We’ve covered the story of Hercules Industries, the family-owned Colorado manufacturing company which won a temporary injunction against the ObamaCare mandate requiring all companies to purchase insurance that provides contraceptive coverage for their employees. The Newland family, which owns the company, states that such a requirement violates their own free exercise of their religion, and filed a complaint against the regulation. The penalty for non-compliance is $100 per employee per day, so for a 265-person company such as Hercules, that could amount to nearly $10 million per year.
“The fact is, that the fines and penalties that the HHS [Health and Human Services] mandate would impose on Hercules, were it to elect not to comply with the mandate – were obliged to comply, and elect not to comply – are crippling,” said Mike Norton, an attorney with the Alliance Defending Freedom, which is representing Hercules.
When Pres. Obama visited Denver last week, he sought to emphasize what was termed “Women’s Health Security” to the point of having Georgetown Law student Sandra Fluke introduce him. Fluke spoke in February to the House Democratic Steering and Policy Committee in favor of the insurance mandate to cover contraception.
We asked a number of people, after Obama’s speech, what they thought of the mandate, and what they thought of the penalty for non-compliance. One of the respondents [see video above] is a student at the University of Northern Colorado. After giving some background on the case, we asked…
QUESTION: “Do you think it’s reasonable for an employer to have to pay $10 million per year if they decide not to comply with that provision?”
ANSWER: “It’s not a bad idea because regardless of religious beliefs, all your employees might not follow those same religious beliefs, and you can’t just be like, I’m not giving you contraceptives because I don’t believe in it, because then, they don’t have the right to get it. And I might not follow my employer’s religious beliefs, but just because he believes something else, and I believe something else, doesn’t mean I should be unable to get contraceptives.”
Q: “So, in principle, you believe it is an O.K. thing to assign a penalty. Do you think the amount of the penalty is reasonable?”
A: “I mean, there’s no reason they shouldn’t be providing contraceptives for their employees, so if they’re not going to comply with the law, then they have every reason to be paying this penalty.”
Q: “So if it shuts them down, is that a good thing for Colorado, given the economy we’re in?”
A: “I think that’s just the risk they’re taking by not providing contraceptives.”
The implication is that it’s better that the company shut down, and employees not have jobs, than that employees be required to purchase or obtain contraception on their own.
Another woman interviewed [see video above] concurred…
QUESTION: “The employer is required to provide health insurance coverage that includes contraceptive services. So let’s say they have a religious view that contraception is something that they should not fund because it violates their religious conscience, do you think they should be subject to a $10 million fine?”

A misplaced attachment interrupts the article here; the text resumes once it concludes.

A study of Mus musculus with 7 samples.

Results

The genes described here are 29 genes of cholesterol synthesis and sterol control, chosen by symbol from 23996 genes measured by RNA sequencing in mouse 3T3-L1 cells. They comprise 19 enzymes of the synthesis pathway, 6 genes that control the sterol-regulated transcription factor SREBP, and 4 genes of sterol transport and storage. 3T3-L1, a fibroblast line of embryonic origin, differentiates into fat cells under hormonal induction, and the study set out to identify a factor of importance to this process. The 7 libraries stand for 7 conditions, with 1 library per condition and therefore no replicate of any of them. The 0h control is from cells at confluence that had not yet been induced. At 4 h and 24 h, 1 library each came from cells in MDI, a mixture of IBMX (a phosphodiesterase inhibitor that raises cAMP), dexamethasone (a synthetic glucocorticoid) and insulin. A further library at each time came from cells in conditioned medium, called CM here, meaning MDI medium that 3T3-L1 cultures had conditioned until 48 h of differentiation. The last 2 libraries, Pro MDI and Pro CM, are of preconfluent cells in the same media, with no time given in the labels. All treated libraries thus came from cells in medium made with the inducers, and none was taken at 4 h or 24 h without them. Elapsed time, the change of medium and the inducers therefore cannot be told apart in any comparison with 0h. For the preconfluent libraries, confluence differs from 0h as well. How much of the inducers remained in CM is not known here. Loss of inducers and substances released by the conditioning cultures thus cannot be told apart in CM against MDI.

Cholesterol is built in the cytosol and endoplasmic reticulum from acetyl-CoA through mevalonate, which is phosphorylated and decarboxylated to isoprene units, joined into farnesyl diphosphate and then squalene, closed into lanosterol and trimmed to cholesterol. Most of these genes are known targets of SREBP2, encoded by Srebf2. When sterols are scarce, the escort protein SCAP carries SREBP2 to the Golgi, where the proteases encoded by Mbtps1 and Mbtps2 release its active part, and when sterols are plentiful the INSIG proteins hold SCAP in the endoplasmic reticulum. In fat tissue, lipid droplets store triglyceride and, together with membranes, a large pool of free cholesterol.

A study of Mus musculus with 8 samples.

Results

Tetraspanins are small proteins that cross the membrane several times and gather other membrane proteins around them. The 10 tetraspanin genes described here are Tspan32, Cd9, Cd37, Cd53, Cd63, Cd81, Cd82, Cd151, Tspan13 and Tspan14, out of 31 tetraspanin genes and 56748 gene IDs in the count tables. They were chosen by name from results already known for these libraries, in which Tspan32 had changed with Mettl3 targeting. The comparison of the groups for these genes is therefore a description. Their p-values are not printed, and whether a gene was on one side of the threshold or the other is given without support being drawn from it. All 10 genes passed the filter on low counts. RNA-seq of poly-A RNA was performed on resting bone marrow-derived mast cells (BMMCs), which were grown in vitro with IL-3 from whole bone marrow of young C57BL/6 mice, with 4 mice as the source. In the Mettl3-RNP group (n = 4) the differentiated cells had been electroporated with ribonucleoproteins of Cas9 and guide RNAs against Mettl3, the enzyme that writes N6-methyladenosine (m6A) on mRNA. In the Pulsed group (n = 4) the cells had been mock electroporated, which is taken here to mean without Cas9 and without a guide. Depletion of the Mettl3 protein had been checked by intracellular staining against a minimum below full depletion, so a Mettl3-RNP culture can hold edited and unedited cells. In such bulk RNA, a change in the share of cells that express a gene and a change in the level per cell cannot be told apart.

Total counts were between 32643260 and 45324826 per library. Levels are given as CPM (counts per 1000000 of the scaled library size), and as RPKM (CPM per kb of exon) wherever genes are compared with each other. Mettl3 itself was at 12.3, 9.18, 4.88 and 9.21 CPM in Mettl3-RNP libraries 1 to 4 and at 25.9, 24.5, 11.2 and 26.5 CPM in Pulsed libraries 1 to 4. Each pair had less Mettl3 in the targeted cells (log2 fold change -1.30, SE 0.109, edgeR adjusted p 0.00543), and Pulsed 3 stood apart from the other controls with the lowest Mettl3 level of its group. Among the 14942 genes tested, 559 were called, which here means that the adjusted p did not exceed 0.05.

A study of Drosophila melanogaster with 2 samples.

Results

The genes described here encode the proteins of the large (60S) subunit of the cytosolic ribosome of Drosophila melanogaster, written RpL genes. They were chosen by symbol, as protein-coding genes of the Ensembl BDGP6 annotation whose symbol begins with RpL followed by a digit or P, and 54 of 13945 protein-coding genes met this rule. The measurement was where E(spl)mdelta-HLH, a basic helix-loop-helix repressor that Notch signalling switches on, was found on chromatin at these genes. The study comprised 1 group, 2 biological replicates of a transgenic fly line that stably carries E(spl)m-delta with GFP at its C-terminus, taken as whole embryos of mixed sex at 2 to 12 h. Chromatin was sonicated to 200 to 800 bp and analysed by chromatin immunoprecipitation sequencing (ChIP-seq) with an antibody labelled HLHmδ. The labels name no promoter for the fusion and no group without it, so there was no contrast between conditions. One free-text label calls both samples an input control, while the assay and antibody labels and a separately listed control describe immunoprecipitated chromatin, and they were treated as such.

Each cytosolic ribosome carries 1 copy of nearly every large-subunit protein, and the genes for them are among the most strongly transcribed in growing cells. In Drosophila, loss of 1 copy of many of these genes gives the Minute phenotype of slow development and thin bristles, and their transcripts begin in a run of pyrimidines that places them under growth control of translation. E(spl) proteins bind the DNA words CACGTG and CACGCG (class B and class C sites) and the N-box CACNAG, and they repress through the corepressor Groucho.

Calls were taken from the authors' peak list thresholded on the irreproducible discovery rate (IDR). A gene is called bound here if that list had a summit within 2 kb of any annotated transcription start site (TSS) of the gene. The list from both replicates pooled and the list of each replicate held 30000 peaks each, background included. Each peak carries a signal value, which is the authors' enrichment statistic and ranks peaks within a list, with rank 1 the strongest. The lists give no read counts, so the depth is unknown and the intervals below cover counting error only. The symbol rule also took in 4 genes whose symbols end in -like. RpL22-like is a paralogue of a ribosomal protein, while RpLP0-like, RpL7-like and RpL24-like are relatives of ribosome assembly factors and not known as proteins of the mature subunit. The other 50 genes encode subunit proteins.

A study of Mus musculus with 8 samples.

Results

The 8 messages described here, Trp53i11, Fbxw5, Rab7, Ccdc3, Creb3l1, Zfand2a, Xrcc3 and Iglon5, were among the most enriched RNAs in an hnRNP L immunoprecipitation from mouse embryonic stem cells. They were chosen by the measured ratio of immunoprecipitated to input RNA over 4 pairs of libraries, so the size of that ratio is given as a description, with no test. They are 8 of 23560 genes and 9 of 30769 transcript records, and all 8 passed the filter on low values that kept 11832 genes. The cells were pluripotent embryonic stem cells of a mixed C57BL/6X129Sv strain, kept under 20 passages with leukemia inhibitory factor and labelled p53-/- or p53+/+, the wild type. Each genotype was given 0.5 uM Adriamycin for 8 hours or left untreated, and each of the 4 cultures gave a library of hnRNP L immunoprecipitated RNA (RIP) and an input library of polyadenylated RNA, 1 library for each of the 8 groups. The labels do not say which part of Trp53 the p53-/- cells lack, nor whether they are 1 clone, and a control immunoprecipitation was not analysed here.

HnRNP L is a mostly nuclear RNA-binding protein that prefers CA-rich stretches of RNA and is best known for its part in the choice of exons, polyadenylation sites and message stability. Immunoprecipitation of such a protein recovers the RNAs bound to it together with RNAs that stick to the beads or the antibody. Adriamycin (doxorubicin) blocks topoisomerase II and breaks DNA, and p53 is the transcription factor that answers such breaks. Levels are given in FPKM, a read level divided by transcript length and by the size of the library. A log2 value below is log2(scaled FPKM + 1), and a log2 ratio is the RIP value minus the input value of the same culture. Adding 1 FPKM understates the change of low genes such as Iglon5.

ANSWER: “Yes, I think there needs to be a consequence for things like that. Because women are underserved, poor people are underserved…”
Q: “If it were a $20 million fine, do you think that would be reasonable?”
A: “It’s not gonna happen, let’s face it. The person, the employer who does not want to provide that is going to fire the employee or close his doors or change his name. There’s always a way around a law like that. You’re not going to go to court over a $20 million fine…”
Q: “Well, they did. They did go to court, and they did get an injunction – they got a 90-day injunction…”
A: “Good luck with it.”
Q: “…and it’s going to put them out of business, so I just was curious to know if you thought that would be something that would be…”
A: “I think there has to be a consequence, but I’m not a lawyer, so I don’t know what that consequence should look like.”
While saying there had to be a consequence, she also doubted that the consequence would actually happen before saying she wasn’t sure what the consequence should be.
It would seem to us that the consequences for the employer far outweigh those for the employee in this instance.
Both these women make the point that employers shouldn’t get between women and their contraceptive decisions. But nobody’s suggesting that they should. ObamaCare’s mandate that insurance companies cover contraception obligates companies that self-fund their insurance plans like Hercules to pay for services that may violate their owner’s religious beliefs.
But if Hercules or another company doesn’t want to pay for it, the company gets a virtual economic death penalty. That’s what the “balancing test” looks like in ObamaCare.
And that is truly a breathtaking proposition.